Renewal of Bank Fixed Deposits

A RBI circular for banks on renewal of bank fixed deposits has sparked off a misleading trail of posts on social media.

An article on Zee News reported incomplete facts, bundled with general information on bank fixed deposits added to the confusion.

New FD Rules – Claim your money as soon at the fixed deposit matures or you will face a loss


It conveys the impression, that banks automatically renewed fixed deposits in the past, and hereafter, the practice will be stopped. Banks will not renew fixed deposits, and the client will earn only savings rate on it.

It urges holders of bank fixed deposits to diarise the dates of maturity, and take necessary steps to renew the FD on time. Not doing this may lead to loss of interest, as the bank will pay only savings bank deposit rate, which is lower than the FD rates.


Private banks ask for clear instructions on what is to be done on maturity, at the time of opening the deposit account.

Options given are

  1. Renew automatically on date of maturity for same period
  2. Credit proceeds on maturity to savings or current account number ….. (account in the same bank)
  3. Remit proceeds on maturity to savings or current account number …. (account in another bank).

The bank starts sending reminders a few days before maturity by SMS and email, giving the client time to decide what is to be done with the maturity amount.

Automatic renewal leads to a renewal for the same period, at the prevailing rate of interest. It may not always be in the best interest of the client. Yet, some depositors opt for it if they are not in a position to track the status and make fresh deposits again. It is convenient for people travelling abroad, or people not well-versed with net banking. It saves the trouble of visiting the bank on maturity of a FD.

A loss of interest to the client occurs only if they allow the maturity amount to remain in the savings account, and do not create a fresh deposit on the same day.

ICICI Bank offers an interest rate of 3% p.a. on savings accounts with a balance below Rs. 50 lakhs.

See the prevalent FD rates.

FDs placed for a period less than 90 days fetch a rate of interest lower than the savings rate.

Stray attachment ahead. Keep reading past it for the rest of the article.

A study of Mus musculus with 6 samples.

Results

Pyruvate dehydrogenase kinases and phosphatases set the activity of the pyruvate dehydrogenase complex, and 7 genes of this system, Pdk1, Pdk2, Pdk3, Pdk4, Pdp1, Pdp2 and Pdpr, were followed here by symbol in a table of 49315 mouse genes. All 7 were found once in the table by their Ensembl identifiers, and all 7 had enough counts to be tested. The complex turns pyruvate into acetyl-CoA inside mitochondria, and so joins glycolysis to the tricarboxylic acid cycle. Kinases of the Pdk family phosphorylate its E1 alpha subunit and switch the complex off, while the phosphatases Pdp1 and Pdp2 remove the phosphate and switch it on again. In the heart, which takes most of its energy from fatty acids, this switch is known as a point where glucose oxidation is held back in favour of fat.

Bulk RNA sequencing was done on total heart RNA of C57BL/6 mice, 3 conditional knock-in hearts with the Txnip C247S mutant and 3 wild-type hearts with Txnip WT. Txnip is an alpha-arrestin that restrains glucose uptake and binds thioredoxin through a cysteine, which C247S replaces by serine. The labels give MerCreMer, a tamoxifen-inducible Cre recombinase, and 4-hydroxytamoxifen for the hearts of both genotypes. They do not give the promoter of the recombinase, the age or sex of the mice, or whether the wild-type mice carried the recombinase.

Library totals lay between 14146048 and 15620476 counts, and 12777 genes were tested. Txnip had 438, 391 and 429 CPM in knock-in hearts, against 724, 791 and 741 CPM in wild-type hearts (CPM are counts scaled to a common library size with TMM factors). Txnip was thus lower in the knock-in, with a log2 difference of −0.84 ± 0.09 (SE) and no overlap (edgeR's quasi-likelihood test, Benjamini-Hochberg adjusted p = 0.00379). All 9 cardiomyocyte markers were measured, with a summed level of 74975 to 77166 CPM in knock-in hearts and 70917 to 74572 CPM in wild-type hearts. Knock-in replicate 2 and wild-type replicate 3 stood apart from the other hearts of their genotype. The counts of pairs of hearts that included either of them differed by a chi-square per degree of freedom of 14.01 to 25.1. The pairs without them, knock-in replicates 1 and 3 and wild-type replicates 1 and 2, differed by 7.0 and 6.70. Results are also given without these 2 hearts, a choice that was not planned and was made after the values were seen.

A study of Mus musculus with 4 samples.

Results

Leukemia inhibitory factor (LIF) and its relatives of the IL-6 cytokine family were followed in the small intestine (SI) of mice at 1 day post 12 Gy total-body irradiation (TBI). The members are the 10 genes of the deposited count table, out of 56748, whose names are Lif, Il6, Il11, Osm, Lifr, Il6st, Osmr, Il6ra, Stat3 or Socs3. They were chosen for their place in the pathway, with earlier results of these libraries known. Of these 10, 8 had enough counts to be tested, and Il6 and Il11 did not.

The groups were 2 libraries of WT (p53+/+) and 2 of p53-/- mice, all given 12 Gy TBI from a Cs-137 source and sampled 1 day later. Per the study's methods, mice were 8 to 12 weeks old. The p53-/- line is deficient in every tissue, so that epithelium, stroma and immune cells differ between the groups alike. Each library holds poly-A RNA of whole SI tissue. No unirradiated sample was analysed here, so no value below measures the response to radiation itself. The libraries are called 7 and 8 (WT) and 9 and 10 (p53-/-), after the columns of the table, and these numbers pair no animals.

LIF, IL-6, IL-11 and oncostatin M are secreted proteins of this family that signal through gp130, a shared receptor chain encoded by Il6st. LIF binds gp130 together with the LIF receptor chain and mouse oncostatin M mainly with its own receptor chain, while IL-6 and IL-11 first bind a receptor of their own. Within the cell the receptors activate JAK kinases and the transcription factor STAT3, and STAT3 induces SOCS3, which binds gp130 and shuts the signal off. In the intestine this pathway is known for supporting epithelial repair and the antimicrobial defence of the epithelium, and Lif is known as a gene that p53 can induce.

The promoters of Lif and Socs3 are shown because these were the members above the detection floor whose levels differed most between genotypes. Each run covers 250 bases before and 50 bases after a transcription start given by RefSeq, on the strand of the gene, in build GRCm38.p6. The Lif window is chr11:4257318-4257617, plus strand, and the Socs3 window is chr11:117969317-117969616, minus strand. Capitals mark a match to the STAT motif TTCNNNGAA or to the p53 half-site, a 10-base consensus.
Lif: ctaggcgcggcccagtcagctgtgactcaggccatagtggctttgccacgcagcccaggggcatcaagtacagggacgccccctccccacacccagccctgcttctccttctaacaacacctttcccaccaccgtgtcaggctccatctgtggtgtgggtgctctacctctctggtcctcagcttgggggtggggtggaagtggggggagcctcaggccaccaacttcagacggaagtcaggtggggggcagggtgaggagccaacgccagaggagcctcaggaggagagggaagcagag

The client will benefit in these cases. 

This is just an example of the anomaly in the “savings rate low, FD rates high” impression that customers carry.


The RBI circular  issued on 2nd July, 2021 says

 “… has been decided that if a Term Deposit (TD) matures and proceeds are unpaid, the amount left unclaimed with the bank shall attract rate of interest as applicable to savings account or the contracted rate of interest on the matured TD, whichever is lower.”

As per previous instructions, banks had to pay savings rates, which may be higher in some cases. RBI has corrected the anomaly to prevent a loss to banks, as clients may not intentionally renew short-term fixed deposits.

There is no adverse impact on the client’s interest. Only the banks’ interest has been protected.

The change is from 

“rate of interest applicable to savings account”


“rate of interest as applicable to savings account or the contracted rate of interest on the matured TD, whichever is lower.”

The impact is more on high-value and interbank deposits, rather than retail depositors.


  • Give clear instructions for maturity while making a new FD.
  • If the same has not been done, respond to the bank’s reminders on maturity of the FD, and tell them what to do.
  • Open net banking on the date of maturity, and make a fresh fixed deposit for a period and rate of interest best suitable to you.
  • If you have given instructions for automatic renewal, check if the interest rates and period still suits your interest. You have the option to change it before date of maturity. If you wish to change the status even a day after renewal, the bank will treat it as premature withdrawal of deposit.